FOR IMMEDIATE RELEASE
November 1, 2021
Contact: John Lyon, Director of Strategic Communications (845) 638-5645
                 Patricia Schnabel Ruppert, D.O., M.P.H., CPE, DABFM, FAAFP (845) 364-2512

TIME TO CHANGE YOUR CLOCKS AND
CHECK YOUR EMERGENCY SUPPLY KITS, & SMOKE & CARBON MONOXIDE ALARMS

NEW CITY, NY, - Rockland County Executive Ed Day and County Health Commissioner Dr. Patricia Schnabel Ruppert remind residents to set their clocks back one hour as Daylight Savings time ends at 2:00 am on Sunday, November 7th. Along with changing your clocks, this is also a good time to check your emergency supply kit and your smoke detector and carbon monoxide alarm.

"It's very important to be prepared for emergencies because they can happen with little or no warning. That is why having an emergency supply kit and a working smoke detector and carbon monoxide alarm is so important," said Dr. Ruppert.

Have a two-week supply of food and water stored in your home, with at least one gallon of water per person per day. Choose foods that are ready to eat, such as peanut butter and canned beans, fruits, and vegetables. Remember your pets too! They need their own food and water. Your emergency supply kit should have a well-stocked first-aid kit, including medications to reduce fever and pain, and a fever thermometer. The supply kit should also contain flashlights, a hand-operated can opener, a wind-up or battery-operated radio or TV, batteries, and copies of important documents. Depending on your family's needs, you may also need other supplies.

Stock up on canned vegetables or batteries when there is a sale. Share "bulk" items with a friend, co-worker, or neighbor who can serve as your "preparedness buddy." Once your emergency supply kit is complete, don't be tempted to "borrow" from it the next time you run out of batteries or need beans for a recipe. Remember: your emergency supply kit is for emergencies!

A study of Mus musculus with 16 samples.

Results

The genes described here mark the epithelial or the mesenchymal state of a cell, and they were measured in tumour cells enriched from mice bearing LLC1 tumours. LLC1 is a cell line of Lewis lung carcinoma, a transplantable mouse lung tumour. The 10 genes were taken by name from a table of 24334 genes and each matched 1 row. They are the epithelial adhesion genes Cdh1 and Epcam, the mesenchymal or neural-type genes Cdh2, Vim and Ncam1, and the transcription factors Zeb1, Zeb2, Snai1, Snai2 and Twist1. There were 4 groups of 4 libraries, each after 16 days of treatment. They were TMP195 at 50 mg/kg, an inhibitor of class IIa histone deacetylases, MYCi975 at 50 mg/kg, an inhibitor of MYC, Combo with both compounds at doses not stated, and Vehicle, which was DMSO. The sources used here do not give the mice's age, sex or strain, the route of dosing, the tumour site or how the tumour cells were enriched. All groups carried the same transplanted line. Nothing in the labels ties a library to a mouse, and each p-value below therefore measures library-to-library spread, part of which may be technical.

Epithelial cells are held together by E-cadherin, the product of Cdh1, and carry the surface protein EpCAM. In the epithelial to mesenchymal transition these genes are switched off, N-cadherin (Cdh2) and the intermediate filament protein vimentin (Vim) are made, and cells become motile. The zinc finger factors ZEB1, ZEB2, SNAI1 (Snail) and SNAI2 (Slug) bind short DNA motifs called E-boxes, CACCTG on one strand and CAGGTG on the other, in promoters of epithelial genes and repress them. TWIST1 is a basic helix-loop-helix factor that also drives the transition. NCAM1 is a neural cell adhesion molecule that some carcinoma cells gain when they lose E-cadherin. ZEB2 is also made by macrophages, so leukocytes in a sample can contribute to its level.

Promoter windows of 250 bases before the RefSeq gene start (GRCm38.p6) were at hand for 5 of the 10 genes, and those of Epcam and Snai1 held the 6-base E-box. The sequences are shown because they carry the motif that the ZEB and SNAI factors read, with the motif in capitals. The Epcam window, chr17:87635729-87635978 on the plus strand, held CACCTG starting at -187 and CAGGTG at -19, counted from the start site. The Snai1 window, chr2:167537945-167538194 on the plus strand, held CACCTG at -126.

Make sure that smoke detectors and carbon monoxide alarms are in good working order and that they are not expired. If needed, change the batteries in these alarms when you change your clocks. Replace all smoke alarms when they are ten years old or if they don't respond when tested. All new smoke alarms should be replaced with the new 10-year sealed smoke alarm that never needs a battery replacement. To find out how old a smoke alarm is: the date of manufacture is located on the back of the alarm; the alarm should be replaced ten years from that date. For carbon monoxide alarms, always check the manufacturer's instructions and expiration date. The Health Department's Healthy Neighborhoods Program can assist low to moderate-income residents and seniors at no charge, with battery changes and alarm replacements, as supplies last. For more information, call (845) 364 - 3290 or (845) 364 - 3292 or visit http://bit.ly/HealthyNeighborhoodsProgram.

Visit http://www.getreadyforflu.org/Plan-Ahead/Clocks-and-Stocks for fact sheets and checklists, games, and other materials for adults and children. For more information, visit the Health Department's web page at http://bit.ly/PublicHealthPreparedness.